Student Housing Investing Self Directed IRAMany parents consider buying property in an area where their child attends college. They hold the property for the years their child attends school. They may rent out additional bedrooms to other students to produce income for the property and then hope to sell the property for a greater profit when their child graduates.

In this scenario, your IRA cannot buy property that your child lives in. That would be considered a prohibited transaction, since according to the IRS your IRA is disqualified from doing business with your children. However, other Collegiate Housing Investments have been found in the self-directed IRA arena. Investing in converted homes, small rental apartments or condos near a college or university can make sense for the Self-Directed IRA.

Most larger universities have a campus housing center with a list of students looking to rent rooms or buildings available. Property Management companies are readily available and many have waiting lists of students looking for housing. In most cases, landlords get extra security in the form of parents co-signing a lease. That way if the student defaults or trashes the unit at the end of the lease period, the parents are on the hook for the rent and/or damages.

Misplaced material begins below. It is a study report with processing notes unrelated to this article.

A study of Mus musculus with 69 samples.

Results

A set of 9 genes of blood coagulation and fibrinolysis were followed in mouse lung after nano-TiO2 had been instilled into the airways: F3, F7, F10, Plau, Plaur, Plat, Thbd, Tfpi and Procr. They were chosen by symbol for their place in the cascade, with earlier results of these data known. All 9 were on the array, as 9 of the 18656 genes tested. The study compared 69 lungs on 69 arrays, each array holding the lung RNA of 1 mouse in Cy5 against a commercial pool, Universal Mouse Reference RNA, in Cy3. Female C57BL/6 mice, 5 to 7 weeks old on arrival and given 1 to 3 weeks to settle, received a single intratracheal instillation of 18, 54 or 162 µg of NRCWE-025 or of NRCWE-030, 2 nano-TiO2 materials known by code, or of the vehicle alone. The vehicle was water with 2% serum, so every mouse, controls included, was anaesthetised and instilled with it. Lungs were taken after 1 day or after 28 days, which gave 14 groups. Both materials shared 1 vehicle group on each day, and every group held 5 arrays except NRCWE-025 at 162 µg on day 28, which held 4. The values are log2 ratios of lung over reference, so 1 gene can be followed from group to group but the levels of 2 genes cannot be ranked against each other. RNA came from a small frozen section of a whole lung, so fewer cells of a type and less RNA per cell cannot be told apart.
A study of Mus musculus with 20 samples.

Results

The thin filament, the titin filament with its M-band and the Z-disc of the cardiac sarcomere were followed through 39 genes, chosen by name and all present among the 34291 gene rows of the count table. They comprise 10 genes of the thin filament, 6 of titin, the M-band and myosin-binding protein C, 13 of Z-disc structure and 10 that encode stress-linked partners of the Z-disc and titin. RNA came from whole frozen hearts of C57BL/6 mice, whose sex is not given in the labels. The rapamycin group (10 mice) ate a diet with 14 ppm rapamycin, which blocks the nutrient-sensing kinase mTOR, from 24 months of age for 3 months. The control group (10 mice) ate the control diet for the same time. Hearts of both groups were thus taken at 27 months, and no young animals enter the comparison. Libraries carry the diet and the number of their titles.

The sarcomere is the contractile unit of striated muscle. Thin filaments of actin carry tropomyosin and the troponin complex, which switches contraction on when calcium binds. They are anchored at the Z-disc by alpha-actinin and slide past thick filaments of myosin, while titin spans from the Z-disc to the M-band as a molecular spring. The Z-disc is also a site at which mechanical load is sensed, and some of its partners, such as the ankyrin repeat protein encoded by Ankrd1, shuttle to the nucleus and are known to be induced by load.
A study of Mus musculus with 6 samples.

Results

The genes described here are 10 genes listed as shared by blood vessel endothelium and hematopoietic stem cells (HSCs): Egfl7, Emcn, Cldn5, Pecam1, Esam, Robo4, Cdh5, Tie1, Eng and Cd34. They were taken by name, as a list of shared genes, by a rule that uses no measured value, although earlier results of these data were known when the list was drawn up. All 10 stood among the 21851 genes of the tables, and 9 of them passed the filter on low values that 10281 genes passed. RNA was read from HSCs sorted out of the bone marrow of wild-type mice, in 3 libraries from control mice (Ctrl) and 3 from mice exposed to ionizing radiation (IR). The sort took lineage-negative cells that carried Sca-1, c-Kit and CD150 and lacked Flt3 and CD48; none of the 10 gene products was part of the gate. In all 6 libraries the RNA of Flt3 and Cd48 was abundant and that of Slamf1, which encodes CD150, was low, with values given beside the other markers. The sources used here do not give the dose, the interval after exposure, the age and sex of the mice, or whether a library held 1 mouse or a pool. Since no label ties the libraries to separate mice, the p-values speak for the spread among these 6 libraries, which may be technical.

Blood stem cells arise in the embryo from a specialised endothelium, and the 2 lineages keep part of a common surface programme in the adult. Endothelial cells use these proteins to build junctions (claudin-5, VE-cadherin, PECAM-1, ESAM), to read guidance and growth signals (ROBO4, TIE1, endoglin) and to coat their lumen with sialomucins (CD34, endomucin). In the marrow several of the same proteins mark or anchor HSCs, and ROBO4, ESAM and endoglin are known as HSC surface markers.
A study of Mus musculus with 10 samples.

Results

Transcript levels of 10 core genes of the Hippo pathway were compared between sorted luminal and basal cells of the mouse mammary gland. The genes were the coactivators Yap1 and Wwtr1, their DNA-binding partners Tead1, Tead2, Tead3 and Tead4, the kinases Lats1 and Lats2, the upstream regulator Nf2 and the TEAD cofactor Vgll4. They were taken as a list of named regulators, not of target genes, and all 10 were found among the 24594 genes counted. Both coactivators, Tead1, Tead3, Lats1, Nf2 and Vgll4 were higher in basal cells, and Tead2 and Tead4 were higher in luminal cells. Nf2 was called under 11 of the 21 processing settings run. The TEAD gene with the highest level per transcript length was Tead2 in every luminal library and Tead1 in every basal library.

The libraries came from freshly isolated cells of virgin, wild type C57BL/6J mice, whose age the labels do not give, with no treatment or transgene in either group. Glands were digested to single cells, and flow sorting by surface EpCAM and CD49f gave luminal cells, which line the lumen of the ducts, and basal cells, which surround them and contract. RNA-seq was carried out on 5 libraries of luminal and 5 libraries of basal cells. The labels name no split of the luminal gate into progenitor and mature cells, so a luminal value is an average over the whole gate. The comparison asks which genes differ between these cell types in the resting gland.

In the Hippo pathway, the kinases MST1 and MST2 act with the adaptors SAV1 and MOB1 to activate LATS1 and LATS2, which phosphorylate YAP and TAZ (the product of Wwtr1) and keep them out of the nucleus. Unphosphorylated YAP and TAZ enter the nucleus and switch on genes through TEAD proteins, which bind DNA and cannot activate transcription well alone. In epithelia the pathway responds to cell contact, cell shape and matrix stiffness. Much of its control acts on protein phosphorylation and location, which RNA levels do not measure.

We have clients who invest in student housing with their self-directed IRAs. One specializes in housing for law school students in his state. The law school has a rule that if the student misses his rental payment, he is thrown out of law school. The client feels secure knowing that the school, though not liable, will act if their student defaults.

As with a traditional Real Estate IRA transaction, due diligence is necessary in order to get a quality property in the right location that a property manager can easily rent on a continual basis. In addition, in most cases the parents guarantee the rent so investors and clients feel comfortable.

Cash flow could be greater since rents are by the bedroom. This entices investors looking for higher returns. In many cases, students will pay for an entire year of rent, thus securing their position even if they go home for the summer. This means that they rarely break their leases.

Some investors worry that potential damages could increase costs. To counteract this, perform your due diligence with the selection of the right property management company who has the experience in this area. Many companies only do student rentals.

The choice of investment type is always up to our clients. We at IRA Innovations do not give investment advice. We encourage you to seek guidance from your financial or legal professional before you decide what type of an investment is right for your self-directed IRA. For more information about using your self-directed IRA for alternative investments visit our website at www.irainnovations.